Invaluable Career Learnings
I’m indebted to this thirty-two-year-old pair of Ray-Ban®
It was the pre internet 1980s. I was settling into a junior marketing role in United Drug (now the UDG Group). My mission, to build the distribution and sales of Ray-Ban® in Ireland.
Then this ‘Driving Glass’ arrived on my desk, bearing the princely retail price tag of IR£79, no mean sum back then.
I soon had it adorning the front window of the 15 ‘exclusive’ Ray-Ban retailers. With zero budget I sat and waited, with fingers crossed. Then one evening, as I was glancing over the new car reviews in the paper, a glimmer of an idea took root. Could I get the motoring journalists to test-drive the ‘Driving Glass’ for me?
The following morning, I compiled what was to be the first of my many journalist contact lists. Fast forward three months (and lots of tooing and frooing), and reviews started to appear in the newspapers. My unusual request had stoked the columnist’s curiosity, offering them a ‘different’ motoring angle.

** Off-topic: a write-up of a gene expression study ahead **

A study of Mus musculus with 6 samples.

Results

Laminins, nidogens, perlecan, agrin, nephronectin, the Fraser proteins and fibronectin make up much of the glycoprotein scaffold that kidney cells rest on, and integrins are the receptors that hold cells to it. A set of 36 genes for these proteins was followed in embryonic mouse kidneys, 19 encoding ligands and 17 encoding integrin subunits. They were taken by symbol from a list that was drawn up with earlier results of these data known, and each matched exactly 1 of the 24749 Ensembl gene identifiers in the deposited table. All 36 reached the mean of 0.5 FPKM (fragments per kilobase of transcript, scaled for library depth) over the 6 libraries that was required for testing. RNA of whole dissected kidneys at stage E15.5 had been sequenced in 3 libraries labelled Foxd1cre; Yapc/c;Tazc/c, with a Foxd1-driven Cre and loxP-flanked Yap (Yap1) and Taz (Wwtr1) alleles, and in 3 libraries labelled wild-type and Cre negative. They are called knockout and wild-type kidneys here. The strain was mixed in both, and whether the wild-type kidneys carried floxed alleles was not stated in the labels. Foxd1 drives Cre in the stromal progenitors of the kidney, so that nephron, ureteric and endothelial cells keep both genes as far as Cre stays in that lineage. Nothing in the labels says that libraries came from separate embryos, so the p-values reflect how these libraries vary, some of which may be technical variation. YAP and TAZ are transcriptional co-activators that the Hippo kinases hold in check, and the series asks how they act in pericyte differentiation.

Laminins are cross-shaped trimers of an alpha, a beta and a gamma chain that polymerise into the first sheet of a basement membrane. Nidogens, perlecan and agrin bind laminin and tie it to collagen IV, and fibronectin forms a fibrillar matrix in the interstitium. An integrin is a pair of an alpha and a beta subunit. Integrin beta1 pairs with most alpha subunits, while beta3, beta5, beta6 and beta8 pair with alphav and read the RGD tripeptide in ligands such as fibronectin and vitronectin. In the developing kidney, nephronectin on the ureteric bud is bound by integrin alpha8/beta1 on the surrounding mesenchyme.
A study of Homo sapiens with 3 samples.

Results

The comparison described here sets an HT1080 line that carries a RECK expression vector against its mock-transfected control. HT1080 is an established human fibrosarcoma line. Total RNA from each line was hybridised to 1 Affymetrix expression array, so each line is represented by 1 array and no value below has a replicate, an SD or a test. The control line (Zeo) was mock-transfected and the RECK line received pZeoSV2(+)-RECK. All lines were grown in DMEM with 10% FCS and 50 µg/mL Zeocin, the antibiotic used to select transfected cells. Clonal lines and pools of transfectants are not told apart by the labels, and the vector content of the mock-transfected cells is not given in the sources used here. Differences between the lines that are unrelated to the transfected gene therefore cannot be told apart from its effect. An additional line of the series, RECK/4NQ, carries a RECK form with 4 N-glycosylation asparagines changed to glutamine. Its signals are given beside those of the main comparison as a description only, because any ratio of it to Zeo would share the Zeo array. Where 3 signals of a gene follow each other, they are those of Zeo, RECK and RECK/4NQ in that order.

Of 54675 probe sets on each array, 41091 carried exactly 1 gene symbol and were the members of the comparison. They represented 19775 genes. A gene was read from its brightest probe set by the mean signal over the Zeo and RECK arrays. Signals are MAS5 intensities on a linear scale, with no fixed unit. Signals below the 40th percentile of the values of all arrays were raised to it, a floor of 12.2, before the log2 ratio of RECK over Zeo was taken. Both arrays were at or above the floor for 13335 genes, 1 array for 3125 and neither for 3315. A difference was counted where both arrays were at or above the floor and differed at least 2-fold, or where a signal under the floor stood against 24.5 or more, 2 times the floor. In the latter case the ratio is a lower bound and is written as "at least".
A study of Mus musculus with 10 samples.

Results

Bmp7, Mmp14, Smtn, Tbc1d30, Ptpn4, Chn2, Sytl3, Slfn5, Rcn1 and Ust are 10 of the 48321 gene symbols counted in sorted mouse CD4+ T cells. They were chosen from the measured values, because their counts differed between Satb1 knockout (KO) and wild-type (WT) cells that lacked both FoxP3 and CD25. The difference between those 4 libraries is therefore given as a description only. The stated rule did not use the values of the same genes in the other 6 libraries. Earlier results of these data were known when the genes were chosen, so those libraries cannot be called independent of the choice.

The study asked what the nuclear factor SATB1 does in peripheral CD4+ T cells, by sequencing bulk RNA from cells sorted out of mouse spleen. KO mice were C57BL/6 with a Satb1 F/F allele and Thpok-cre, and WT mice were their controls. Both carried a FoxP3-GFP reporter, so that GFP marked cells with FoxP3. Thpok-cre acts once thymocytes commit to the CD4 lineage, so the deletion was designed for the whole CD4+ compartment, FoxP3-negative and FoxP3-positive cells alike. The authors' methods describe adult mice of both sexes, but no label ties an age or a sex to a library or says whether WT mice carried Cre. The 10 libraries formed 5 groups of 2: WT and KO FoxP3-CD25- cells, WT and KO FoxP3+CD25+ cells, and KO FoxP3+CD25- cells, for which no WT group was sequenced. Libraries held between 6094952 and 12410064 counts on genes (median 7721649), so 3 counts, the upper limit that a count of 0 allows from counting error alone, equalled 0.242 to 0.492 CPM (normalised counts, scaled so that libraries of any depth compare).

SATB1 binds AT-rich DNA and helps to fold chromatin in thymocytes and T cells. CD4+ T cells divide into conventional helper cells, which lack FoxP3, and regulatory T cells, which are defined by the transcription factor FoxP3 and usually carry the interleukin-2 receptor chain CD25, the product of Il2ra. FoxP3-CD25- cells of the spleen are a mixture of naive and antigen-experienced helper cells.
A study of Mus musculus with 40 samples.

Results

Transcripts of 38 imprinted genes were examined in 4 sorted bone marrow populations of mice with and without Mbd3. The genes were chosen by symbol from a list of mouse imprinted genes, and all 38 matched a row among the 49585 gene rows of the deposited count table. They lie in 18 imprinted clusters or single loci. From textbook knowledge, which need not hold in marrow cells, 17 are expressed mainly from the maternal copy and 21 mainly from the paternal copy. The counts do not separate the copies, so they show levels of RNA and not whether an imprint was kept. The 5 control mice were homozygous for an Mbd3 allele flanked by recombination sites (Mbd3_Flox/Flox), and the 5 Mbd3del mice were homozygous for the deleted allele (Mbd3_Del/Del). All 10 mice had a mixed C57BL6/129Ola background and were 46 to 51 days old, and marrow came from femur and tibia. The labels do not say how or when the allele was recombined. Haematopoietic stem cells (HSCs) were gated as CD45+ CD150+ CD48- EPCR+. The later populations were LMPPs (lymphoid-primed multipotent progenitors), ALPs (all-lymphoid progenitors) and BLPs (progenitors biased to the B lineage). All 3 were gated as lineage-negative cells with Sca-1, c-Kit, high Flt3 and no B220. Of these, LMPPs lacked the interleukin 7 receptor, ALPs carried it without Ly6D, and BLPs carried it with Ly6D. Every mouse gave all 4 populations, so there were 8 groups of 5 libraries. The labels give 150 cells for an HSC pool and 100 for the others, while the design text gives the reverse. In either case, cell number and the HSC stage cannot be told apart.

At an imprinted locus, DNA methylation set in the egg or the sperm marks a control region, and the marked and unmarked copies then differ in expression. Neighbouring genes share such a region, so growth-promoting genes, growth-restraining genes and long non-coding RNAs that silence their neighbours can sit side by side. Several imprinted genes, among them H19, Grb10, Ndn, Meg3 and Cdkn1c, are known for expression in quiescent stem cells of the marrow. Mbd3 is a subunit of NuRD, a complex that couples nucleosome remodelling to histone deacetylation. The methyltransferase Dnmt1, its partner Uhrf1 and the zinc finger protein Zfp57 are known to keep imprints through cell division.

The result landed ‘my’ brand in front of the eyes of their readers, my target customers (car drivers). Sales of the Driving Glass which had been trickling, began to flow.
The press coverage proved to be an invaluable and cost-effective brand building tool. They helped:
- Stimulate consumer interest,
- Enhance the support I gave to my stockists
- Grow brand sales, and
- Facilitate extension of the distribution network.
So, back to my learnings.
- PR is a powerful revenue and brand building tool. It helped grow sales from a minimal level to a six-figure sum.
- The importance of context.
Marketing instinct led me to target readers interested in cars. Today’s neural researchers would point to the fact that the ‘Driving Glass’ reviews appeared in a premium editorial environment. This enabled me present my brand to the reader at a time when the front and left hand-side of their brain was actively engaged. This enhanced the encoding of my message, boosting its potential impact by over 20%.
- This new aspect of Marketing (PR) which was totally new to me gave me a real buzz. It still does.